References in classic literature ?
Thou canst not mend that shot, Locksley,'' said the Prince, with an insulting smile.
And now,'' said Locksley, ``I will crave your Grace's permission to plant such a mark as is used in the North Country; and welcome every brave yeoman who shall try a shot at it to win a smile from the bonny lass he loves best.
But I buy your deer—here, this bill will pay thee, both for thy shot and my own.
Somebody has been peppering this thing with shot, after all, and quite lately, too.
The three shots took effect, and down he went dead.
Now by the lusty yew bow of good Saint Withold," cried the stranger, "that is a shot indeed, and never saw I the like in all my life before
Saxtorph got two in mid-air with his revolver, and would have shot the other three in the water if I hadn't stopped him.
I scarce shot as many shafts at Brignais," growled the man of Brabant; "though I found a better mark there than a cantle of bull's hide.
The recoil of the butt into the pit of the man's stomach had not been the most sanguinary result, for the charge of shot, at a distance of a yard, had blown the head of one of the debaters into nothingness.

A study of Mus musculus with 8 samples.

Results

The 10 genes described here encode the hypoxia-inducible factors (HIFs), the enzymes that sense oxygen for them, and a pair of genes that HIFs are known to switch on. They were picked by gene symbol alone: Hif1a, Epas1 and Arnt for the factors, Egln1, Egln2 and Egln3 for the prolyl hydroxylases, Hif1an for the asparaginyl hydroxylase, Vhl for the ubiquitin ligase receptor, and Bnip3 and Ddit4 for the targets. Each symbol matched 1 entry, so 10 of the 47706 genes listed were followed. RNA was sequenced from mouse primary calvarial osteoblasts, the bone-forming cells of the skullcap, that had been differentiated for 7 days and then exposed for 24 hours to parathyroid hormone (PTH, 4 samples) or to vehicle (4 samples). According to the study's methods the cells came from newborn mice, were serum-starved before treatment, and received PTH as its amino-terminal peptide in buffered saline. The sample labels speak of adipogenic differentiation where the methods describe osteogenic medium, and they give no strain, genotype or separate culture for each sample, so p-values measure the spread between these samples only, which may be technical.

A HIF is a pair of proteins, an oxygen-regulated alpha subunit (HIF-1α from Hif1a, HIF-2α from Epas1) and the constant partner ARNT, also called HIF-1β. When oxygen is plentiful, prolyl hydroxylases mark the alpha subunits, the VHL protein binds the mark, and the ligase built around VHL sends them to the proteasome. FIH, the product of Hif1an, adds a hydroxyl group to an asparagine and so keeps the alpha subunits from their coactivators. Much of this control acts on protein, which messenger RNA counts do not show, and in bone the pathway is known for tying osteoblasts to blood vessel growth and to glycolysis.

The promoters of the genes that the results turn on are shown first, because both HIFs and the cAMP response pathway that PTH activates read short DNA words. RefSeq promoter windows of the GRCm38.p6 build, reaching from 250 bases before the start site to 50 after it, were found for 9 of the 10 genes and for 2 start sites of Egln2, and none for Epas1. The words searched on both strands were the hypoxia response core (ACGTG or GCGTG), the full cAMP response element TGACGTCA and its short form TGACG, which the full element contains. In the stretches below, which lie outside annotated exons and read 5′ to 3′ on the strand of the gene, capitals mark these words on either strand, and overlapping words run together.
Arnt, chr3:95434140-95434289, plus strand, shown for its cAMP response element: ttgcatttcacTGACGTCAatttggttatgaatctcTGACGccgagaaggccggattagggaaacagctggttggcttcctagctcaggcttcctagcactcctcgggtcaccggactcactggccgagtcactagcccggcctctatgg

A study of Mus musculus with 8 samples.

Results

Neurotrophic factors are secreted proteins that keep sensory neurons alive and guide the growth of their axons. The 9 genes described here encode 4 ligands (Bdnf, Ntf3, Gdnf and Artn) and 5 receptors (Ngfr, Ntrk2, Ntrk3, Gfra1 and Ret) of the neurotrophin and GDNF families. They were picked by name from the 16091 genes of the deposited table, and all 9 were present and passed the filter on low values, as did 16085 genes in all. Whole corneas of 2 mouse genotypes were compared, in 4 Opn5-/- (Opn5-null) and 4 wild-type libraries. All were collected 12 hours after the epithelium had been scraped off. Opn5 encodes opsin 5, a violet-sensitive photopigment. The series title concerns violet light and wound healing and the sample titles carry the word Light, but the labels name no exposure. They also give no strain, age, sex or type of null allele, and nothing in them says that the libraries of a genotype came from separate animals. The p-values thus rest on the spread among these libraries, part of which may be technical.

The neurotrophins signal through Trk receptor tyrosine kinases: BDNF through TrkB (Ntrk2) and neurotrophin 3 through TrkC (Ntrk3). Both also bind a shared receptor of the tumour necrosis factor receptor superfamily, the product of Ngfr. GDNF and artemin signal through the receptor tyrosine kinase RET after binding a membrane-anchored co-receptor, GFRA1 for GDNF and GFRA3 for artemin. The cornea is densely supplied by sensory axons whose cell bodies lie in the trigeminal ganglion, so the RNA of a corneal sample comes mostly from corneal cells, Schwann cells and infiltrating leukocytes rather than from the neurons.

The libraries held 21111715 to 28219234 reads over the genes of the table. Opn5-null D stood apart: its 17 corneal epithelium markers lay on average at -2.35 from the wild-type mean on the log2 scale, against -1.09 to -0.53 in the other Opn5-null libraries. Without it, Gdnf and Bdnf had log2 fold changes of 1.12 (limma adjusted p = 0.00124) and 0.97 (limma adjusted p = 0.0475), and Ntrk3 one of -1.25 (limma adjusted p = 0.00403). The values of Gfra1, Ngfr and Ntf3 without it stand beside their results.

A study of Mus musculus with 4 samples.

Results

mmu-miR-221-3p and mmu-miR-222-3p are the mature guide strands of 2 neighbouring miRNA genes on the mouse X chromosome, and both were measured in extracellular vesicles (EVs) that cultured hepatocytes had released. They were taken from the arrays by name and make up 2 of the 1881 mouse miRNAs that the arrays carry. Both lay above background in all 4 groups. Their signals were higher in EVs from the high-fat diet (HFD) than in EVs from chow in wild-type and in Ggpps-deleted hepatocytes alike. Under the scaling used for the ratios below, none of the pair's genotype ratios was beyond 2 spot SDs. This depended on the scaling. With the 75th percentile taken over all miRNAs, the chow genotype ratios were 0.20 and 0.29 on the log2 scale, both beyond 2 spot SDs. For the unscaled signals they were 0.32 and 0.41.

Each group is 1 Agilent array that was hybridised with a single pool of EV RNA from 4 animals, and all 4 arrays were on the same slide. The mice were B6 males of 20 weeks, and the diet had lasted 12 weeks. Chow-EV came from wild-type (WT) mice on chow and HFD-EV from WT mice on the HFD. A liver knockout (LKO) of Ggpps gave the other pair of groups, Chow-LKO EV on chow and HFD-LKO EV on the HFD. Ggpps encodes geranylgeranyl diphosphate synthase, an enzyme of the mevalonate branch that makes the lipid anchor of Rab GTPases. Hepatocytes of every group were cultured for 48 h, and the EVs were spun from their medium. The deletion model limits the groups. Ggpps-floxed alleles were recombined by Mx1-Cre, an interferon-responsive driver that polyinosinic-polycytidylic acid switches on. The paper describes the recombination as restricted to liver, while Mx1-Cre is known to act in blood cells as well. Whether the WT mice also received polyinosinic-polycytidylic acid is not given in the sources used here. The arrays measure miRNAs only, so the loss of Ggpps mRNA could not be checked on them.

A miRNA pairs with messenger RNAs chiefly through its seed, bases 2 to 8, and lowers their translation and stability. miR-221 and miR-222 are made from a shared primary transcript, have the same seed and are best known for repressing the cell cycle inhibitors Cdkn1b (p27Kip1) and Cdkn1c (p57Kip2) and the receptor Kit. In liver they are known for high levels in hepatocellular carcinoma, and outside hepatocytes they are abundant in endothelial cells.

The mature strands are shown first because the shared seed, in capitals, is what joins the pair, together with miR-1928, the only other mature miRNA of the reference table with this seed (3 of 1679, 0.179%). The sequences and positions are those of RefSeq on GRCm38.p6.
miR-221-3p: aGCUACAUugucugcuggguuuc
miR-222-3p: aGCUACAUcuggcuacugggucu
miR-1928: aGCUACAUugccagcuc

in 1453, stone shot of 1,900 pounds weight were employed.
They lowered sails, shot seals, and hoisted sails again, and continued on their way as I had always seen them do.
Stepan Arkadyevitch shot two more birds and Levin two, of which one was not found.
It happened that he had appointed to go out in this boat, either for pleasure or for fish, with two or three Moors of some distinction in that place, and for whom he had provided extraordinarily, and had, therefore, sent on board the boat overnight a larger store of provisions than ordinary; and had ordered me to get ready three fusees with powder and shot, which were on board his ship, for that they designed some sport of fowling as well as fishing.
Said negro has been shot in the left arm between the shoulder and elbow, which has paralysed the left hand.
Pickwick; 'I am not going to be shot in a wheel-barrow, for the sake of appearances, to please anybody.